Improving risk-assessment processes and enlarging internal audit’s focus to encompass broader organizational risks that have business relevance are top priorities of chief audit executives, but a large majority think that to do that, their internal-audit functions need upgrading.
In a July Ernst & Young survey of 695 global chief audit executives, 80% said their internal-audit functions related to risk management have room for improvement, and 70% believe those improvements should be undertaken within the next 24 months.
“The survey points out clearly that the governance structure and risk management of a company drives long-term performance,” Brian Schwartz, Ernst & Young Americas internal-audit leader, says. “And the internal-audit function itself is a critical part of the risk-management framework.”
Still, it could be a more vital piece of the framework. While internal-audit’s job is not to manage risk but to help an organization understand risk and to examine risk-management processes, internal audit does need to work more closely with risk management, for example.
“We’re encouraging the auditing function to get together with risk management and share resources, because coordination is critical. They need to address risks holistically,” says Schwartz.
Internal-audit’s function differs from company to company, however. “Sometimes the audit function actually audits the enterprise risk management (ERM) process and sometimes audit is a catalyst to get the ERM framework going in a company,” Schwartz says.
Regardless, internal-audit teams are now regularly focusing on a broader set of risks, the survey found. Strategic and operational risks are competing for center stage with more traditional areas such as internal controls and Sarbanes-Oxley compliance, Schwartz says.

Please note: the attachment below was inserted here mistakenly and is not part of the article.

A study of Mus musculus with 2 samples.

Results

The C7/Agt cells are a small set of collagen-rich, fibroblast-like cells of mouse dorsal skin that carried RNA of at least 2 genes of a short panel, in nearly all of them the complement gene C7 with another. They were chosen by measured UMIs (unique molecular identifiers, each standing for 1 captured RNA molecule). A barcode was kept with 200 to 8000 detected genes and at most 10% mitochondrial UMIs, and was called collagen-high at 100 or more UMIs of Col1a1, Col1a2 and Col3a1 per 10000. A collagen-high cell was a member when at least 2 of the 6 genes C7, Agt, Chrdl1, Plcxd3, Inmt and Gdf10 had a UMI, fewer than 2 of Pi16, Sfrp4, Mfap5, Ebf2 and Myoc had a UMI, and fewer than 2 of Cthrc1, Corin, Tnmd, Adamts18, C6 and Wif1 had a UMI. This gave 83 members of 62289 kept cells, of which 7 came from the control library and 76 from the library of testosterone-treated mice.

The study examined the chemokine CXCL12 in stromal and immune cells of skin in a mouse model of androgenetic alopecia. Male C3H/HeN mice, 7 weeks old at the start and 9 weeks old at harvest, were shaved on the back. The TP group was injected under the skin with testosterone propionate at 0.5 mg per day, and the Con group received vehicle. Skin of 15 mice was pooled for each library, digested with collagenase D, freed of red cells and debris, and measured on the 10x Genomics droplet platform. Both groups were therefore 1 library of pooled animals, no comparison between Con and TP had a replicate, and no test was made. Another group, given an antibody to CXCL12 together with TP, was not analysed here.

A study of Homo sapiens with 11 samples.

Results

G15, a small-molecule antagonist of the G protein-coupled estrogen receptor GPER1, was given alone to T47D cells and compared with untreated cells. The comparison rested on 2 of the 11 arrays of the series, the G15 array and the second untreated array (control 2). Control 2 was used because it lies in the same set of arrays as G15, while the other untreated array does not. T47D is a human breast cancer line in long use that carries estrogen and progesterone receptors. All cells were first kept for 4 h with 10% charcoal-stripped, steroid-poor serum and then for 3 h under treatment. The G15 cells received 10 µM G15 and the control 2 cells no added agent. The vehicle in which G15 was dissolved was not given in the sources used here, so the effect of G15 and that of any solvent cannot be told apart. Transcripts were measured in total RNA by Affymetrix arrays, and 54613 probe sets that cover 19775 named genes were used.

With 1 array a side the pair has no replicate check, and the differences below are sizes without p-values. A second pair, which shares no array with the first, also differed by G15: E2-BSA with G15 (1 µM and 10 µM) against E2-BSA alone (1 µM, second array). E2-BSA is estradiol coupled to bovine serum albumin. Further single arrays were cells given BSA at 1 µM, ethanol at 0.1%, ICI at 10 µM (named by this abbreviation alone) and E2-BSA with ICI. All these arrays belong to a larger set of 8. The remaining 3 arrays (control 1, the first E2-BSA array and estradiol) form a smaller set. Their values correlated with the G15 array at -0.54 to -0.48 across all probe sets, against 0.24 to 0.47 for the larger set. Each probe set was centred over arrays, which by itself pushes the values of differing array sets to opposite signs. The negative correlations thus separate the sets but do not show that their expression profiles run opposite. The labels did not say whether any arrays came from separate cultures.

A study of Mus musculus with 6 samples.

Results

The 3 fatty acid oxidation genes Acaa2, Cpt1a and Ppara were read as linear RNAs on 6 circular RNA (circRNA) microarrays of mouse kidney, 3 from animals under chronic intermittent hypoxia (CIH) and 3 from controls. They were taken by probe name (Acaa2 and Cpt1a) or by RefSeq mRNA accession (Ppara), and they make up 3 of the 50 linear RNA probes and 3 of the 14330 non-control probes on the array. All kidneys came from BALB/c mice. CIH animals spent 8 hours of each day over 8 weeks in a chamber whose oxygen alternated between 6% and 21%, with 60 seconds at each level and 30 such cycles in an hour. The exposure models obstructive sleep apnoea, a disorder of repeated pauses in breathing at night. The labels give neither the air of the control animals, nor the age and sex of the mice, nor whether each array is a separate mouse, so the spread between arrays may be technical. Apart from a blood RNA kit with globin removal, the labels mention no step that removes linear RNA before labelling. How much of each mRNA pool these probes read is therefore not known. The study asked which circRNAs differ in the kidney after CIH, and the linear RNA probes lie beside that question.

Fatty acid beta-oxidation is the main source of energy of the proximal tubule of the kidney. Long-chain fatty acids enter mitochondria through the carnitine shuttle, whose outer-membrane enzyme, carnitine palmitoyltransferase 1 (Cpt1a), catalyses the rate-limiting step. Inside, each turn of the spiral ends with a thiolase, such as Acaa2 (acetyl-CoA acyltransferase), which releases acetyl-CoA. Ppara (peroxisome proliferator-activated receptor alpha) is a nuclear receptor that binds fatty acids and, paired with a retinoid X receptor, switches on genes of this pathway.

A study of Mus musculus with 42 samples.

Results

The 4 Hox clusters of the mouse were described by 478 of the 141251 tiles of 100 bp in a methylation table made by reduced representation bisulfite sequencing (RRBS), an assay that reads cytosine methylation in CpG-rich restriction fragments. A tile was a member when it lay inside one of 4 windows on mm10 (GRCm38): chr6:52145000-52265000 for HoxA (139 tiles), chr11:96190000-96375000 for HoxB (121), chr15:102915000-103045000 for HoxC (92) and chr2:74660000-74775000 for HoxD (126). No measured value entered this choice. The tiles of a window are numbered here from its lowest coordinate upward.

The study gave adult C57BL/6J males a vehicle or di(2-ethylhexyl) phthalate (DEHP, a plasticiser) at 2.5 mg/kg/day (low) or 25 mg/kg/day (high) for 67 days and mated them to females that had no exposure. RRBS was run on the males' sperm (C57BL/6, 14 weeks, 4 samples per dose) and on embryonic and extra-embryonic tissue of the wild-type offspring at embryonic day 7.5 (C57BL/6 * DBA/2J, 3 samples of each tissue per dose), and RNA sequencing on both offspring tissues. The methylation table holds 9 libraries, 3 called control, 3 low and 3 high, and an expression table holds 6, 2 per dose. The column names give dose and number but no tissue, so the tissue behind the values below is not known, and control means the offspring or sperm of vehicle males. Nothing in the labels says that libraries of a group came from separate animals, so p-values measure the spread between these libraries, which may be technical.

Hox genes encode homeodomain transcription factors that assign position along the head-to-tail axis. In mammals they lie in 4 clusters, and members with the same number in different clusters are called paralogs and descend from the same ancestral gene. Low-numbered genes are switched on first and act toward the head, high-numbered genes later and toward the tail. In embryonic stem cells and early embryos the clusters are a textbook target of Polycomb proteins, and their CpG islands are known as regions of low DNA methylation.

The chief audit executives surveyed said their teams now play a more prominent role in strategic organizational initiatives such as:
• Major capital projects (49%),
• IT systems implementations (42%),
• Mergers and acquisitions (37%), and
• Material contracts (32%).
It’s no surprise that audit chiefs believe they need to add competencies to their team beyond traditional technical skills to tackle their broader role. Fifty-four percent of the audit chiefs surveyed, for example, said they have a plan to increase the business or industry acumen of their staff.
As stakeholders inside companies seek more cross-functional coordination on risk, internal audit also has to improve its communications to executive management and other departments. The E&Y survey found that 46% of respondents perform only annual updates or no updates at all to their risk-related audit plans. That can leave a company unprepared for events that arise throughout the year, like new product launches or retirements, new market entry, and litigation.
While audit plans used to be “set in stone,” the trend now is to take periodic “fresh looks” at them, says Schwartz. “Risk profiles change as companies make acquisitions or move into emerging markets,” he points out.